Congresswoman Maxine Waters (D-CA), Chairwoman of the House Committee on Financial Services, gave the following statement at a full Committee hearing entitled, “Protecting Renters During the Pandemic: Reviewing Reforms to Expedite Emergency Rental Assistance to Renters and Landlords.”

From the very beginning of this pandemic, I have sounded the alarm about the urgent need for congressional action to avert a massive spike in our national eviction crisis. As Chairwoman of this Committee, I understand the devastating impacts evictions have on families, and I also understand how much landlords, particularly small mom and pop landlords, are struggling because of unpaid rent. I also recognize that evictions increase the spread of COVID and have the potential to seriously set back our national economic recovery. That is why I have worked around the clock on this issue.  

I’m reminded as I’ve worked on this issue that we have extended the moratorium —   between the Congress of the United States and CDC — six times. Thankfully, due to the hard work of this Committee, in 2020, Congress passed $25 billion in emergency rental assistance and provided an extension of the federal eviction moratorium. Several months later, under the leadership of President Biden, Democrats passed an additional $21.6 billion in emergency rental assistance as part of the American Rescue Plan Act.

But our work is not done. I am very concerned about data showing that state and local governments have only used 11 percent of the $46.6 billion in emergency rental assistance funds that are available. There is no question that the funds are not reaching landlords and renters quickly or widely enough.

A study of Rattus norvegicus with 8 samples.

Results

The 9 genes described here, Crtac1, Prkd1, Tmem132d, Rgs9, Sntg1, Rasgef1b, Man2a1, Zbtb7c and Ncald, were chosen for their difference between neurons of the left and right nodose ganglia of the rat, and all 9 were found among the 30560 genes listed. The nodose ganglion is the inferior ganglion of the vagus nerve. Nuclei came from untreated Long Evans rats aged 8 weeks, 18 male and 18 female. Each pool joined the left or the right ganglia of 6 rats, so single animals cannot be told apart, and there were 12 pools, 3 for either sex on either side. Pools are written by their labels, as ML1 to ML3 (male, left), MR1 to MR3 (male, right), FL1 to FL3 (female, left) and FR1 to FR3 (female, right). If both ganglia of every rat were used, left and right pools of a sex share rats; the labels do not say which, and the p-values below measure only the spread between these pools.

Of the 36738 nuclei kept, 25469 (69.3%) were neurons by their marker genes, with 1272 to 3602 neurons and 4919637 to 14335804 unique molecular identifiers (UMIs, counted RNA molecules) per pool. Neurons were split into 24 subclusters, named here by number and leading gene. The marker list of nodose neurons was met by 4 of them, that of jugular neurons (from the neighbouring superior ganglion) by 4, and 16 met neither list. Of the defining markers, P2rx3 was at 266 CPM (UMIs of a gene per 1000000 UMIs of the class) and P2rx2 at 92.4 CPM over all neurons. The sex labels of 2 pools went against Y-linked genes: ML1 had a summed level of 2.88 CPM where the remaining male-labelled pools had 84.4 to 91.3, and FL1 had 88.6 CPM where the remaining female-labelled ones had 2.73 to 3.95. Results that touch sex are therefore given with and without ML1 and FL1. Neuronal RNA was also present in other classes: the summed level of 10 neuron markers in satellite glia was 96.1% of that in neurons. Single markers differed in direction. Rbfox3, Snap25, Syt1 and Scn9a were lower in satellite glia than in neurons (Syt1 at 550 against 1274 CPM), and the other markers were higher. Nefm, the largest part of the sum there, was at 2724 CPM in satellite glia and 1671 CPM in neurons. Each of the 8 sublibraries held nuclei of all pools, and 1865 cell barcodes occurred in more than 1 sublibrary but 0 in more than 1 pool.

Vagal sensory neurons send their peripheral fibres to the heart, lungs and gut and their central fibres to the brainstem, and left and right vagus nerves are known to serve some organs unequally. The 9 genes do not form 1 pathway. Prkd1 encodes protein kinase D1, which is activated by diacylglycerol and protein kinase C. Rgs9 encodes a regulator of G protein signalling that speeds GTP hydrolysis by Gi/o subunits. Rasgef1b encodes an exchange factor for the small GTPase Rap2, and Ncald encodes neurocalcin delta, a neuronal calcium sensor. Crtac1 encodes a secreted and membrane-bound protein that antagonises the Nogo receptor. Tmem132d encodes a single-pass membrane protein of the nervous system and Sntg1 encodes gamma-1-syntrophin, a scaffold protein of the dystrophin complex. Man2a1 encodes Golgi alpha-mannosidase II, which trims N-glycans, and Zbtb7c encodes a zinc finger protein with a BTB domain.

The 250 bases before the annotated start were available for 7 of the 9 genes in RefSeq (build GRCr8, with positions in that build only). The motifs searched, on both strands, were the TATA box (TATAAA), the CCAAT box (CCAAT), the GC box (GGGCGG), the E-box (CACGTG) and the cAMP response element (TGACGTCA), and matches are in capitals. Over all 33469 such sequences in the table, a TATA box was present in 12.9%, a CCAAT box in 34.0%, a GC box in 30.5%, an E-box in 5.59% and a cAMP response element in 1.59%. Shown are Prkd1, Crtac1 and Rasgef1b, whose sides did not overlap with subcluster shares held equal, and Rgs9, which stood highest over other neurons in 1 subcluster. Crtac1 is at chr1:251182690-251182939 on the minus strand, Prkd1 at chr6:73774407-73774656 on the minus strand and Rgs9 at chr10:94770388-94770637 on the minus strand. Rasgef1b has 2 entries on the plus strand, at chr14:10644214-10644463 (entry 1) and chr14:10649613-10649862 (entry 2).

In addition, the Supreme Court’s action along partisan lines to lift the CDC’s eviction moratorium puts millions at risk of eviction even as the Delta variant causes a deadly resurgence of the virus.

That is why I have introduced new legislation, the “Expediting Assistance to Renters and Landlords Act of 2021,” which is designed to make sure that individuals and families are not put out of their homes while this virus continues to harm communities across the country.

This bill would allow landlords to apply directly for back rent they are owed, even if a renter is unresponsive, as long as the landlord provides notice and meets other conditions, including a requirement that tenants may not be evicted for at least 120 days — and that the landlords would be paid for those 120 days following the first request for assistance.

The legislation would also require grantees receiving emergency rental assistance funds to accept self-attestations from tenants, and to provide funds directly to tenants when the landlord is unresponsive or refuses to participate.  

The legislation also gears up outreach. Working very closely with the Treasury, we’ve come up with many ways by which to modify these applications. So, the legislation again also gears up outreach to increase public awareness of the availability of emergency rental assistance funds, providing funding for mailings, radio, TV, and internet ads, and ensures grantees have the resources and help to get the funds out the door.  

These steps and others in the bill will cut down barriers preventing the robust rental assistance funding that Congress has provided from reaching renters.  

Today, we will also discuss legislation Ranking Member McHenry has introduced regarding rental assistance. While I have some serious concerns with the Ranking Member’s bill, I believe that we are aligned in our goal to expedite assistance to those in need, so I want to work with him, and I am hopeful that we can work together, and this can be a bipartisan bill.

I look forward to discussing both bills with our panel of experts today.